GOP advances tax overhaul; shutdown still a threat
WASHINGTON (AP) — Republicans held together and shoved their signature tax overhaul a crucial step ahead Nov. 28 as wavering GOP senators showed a growing openness.
But its fate remained uncertain, and a planned White House summit aimed at averting a government shutdown was derailed when President Donald Trump savaged top Democrats and declared on Twitter, “I don’t see a deal!”
“It’s time to stop tweeting and start leading,” Senate Minority Leader Chuck Schumer retorted after he and House Minority Leader Nancy Pelosi rebuffed the budget meeting with Trump and top Republicans.
Trump lunched with GOP senators at the Capitol and declared it a “love fest,” as he had his previous closed-doors visit. But the day underscored the party’s yearlong problem of unifying behind key legislation — even a bill slashing corporate taxes and cutting personal taxes that’s a paramount party goal.
The Nov. 28 developments also emphasized the leverage Democrats have as Congress faces a Dec. 8 deadline for passing legislation to keep federal agencies open while leaders seek a longer-term budget deal. Republicans lack the votes to pass the short-term legislation without Democratic support.
In a party-line 12-11 vote, the Senate Budget Committee managed to advance the tax measure to the full Senate as a pair of wavering Republicans — Wisconsin’s Ron Johnson and Tennessee’s Bob Corker — fell into line, at least for the moment.
In more good news for the GOP, moderate Sen. Susan Collins of Maine said it was a “fair assumption” that she was likelier to support the bill after saying Trump agreed to make property taxes up to $10,000 deductible instead of eliminating that break entirely.
But the fate of the legislation remained uncertain as it headed toward debate by the full Senate, which Republicans control by a slender 52-48. GOP leaders can afford just two defectors, and a half dozen or more in their party have been uncommitted. They include some wanting bigger tax breaks for many businesses but others cringing over the $1.4 trillion — or more — that the measure is projected to add to budget deficits over the next decade.
“It’s a challenging exercise,” conceded Senate Majority Leader Mitch McConnell of Kentucky. He compared it to “sitting there with a Rubik’s Cube and trying to get to 50” votes, a tie that Vice President Mike Pence would break.
Corker, who’s all but broken with Trump over the president’s behavior in office, is among a handful of Republicans uneasy over the mountains of red ink the tax measure is expected to produce. He said he was encouraged by discussions with the White House and party leaders to include a mechanism — details still unknown — to automatically trigger tax increases if specified, annual economic growth targets aren’t met.
“I think we’re getting to a very good place on the deficit issue,” Corker said.
But other Republicans are wary of backing legislation that would hold the hammer of potential future tax cuts over voters’ heads.
“I am not going to vote to automatically implement tax increases on the American people. If I do that, consider me drunk,” said Sen. John Kennedy of Louisiana.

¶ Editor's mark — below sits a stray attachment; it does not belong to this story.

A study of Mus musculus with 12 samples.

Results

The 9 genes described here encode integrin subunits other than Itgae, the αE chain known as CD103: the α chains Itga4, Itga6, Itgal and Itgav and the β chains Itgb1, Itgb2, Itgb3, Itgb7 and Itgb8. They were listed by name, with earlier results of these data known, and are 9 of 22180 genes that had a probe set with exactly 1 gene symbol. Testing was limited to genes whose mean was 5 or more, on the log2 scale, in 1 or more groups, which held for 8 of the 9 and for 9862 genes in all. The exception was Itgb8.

Collins said she’d also won agreement that before completing the tax measure, Congress would approve legislation restoring federal payments to health insurers that Trump scuttled last month. That bill has had bipartisan support, but it’s unclear if Democrats would back it amid partisan battling over the tax bill.
McConnell and House Speaker Paul Ryan, R-Wis., met with Trump at the White House despite the top Democrats’ no-shows. Trump highlighted their absence by appearing before reporters flanked by two empty chairs bearing Schumer’s and Pelosi’s names.
Trump said Democrats would be to blame for any shutdown, despite GOP domination of government.
“If it happens it’s going to be over illegals pouring into the country, crime pouring into the country, no border wall, which everyone wants,” he said.
He also said North Korea’s launch of a ballistic missile Nov. 28 should prompt Democrats to renew negotiations over the spending legislation, which includes Pentagon funding.
“But probably they won’t because nothing to them is important other than raising taxes,” Trump said.
Democrats noted that in May, Trump tweeted the country “needs a good ‘shutdown’ in September to fix mess!” In a tweet of her own Nov. 28, Pelosi said Trump’s “verbal abuse will no longer be tolerated,” adding in reference to the empty-chairs show, “Poor Ryan and McConnell relegated to props. Sad!”
A temporary spending bill expires Dec. 8 and another is needed to prevent a government shutdown. Hurricane aid to help Texas, Florida, Puerto Rico and the Virgin Islands is also expected to be included in that measure, as well as renewed financing for a children’s health program that serves more than 8 million low-income children.
Democrats are also pressing for legislative protections for immigrants known as “Dreamers.” Conservative Republicans object to including that issue in the crush of year-end business. But GOP Rep. Carlos Curbelo of Florida joined Democrats in saying he won’t vote for the spending bill unless the immigrant issue is resolved.
AP reporters Matthew Daly, Kevin Freking and Stephen Ohlemacher contributed.